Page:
Redfin: More sellers are cutting home prices as housing market demand begins to soften
Is the housing market beginning to feel the effects of the end of “team transitory”?
Federal Reserve Chair Jerome Powell abandoned his “transitory” inflation narrative months ago and has since steered the central bank toward its tried-and-true playbook for taming inflation: Raise interest rates until demand recedes and soaring price growth abates.
The Fed’s plan might be working. Early data suggest the economic shock caused by spiking mortgage rates is beginning to soften homebuyer demand.
“The sharp increase in mortgage rates is pushing more homebuyers out of the market,” wrote Daryl Fairweather, chief economist at Redfin, in a report published on Thursday.
According to Redfin, 12% of homes on its site saw sellers cut prices in the week ending April 9. That was the biggest one-month spike Redfin saw in price cuts since 2015. Over the past month, there was also a 3% drop in requests for home tours.
Let’s be clear: The jump in sellers cutting prices doesn’t mean home prices are about to plummet. Many of their properties were likely listed above market value, and home shoppers simply didn’t bite. That said, homebuyers being less eager to bid the market upward could indicate, in theory, some softening in the market. It also could signal that home price growth is finally decelerating, i.e., prices could start increasing at more moderate levels.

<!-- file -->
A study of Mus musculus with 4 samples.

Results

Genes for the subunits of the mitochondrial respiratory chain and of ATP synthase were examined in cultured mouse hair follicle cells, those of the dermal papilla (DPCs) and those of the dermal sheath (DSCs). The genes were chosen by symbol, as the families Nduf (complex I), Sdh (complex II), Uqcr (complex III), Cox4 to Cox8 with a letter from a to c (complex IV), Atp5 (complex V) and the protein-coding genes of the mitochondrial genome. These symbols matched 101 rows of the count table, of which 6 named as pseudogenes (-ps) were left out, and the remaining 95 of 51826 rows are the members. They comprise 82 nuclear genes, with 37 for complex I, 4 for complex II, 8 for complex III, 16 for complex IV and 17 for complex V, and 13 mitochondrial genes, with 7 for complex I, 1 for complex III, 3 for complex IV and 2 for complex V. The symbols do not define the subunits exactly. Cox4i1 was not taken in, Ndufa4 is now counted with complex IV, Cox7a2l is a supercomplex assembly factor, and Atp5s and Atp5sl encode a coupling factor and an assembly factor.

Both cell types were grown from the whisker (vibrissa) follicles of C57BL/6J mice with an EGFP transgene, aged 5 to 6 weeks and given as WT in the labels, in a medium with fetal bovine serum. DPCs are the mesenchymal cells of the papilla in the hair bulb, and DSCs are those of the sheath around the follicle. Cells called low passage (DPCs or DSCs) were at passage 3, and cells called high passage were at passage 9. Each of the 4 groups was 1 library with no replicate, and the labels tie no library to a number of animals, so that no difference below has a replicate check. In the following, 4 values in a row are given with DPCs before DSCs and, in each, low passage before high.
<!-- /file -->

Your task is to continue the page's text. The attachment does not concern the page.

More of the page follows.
The fact that homebuyers are pushing back on record prices shouldn’t come as a surprise. Over the past two years, U.S. home prices have soared 32.7%—including 19.2% over the past 12 months. The sting of those soaring prices was lessened, to a degree, by the record low mortgage rates we’ve seen during much of the pandemic. But the end of team transitory means homebuyers are feeling the full brunt of exorbitant home prices.
Over the past four months, the average 30-year fixed mortgage rate has spiked from 3.11% to 5%. A borrower who secured a 3.11% rate on a $500,000 mortgage would owe $2,138 per month over the course of the 30-year loan. At a 5% rate, that principal and interest payment would spike to $2,684.
Factoring in the growth of both mortgage rates and home prices, Redfin says, the typical new mortgage payment has spiked 35% year-over-year to an all-time high of $2,288.
Not only do soaring mortgage rates price out some home shoppers, they mean some borrowers—who must meet lenders’ strict debt-to-income ratios—will lose their mortgage eligibility altogether.
A softening housing market would be welcomed by many housing economists. In their eyes, current levels of home price growth simply can’t be sustained forever. The longer this goes on, the higher the likelihood of an overheated housing market. Or worse: If it doesn’t let up, we could end up in a full-blown housing bubble. Just last month, the Federal Reserve Bank of Dallas published a paper titled “Real-time market monitoring finds signs of brewing U.S. housing bubble.”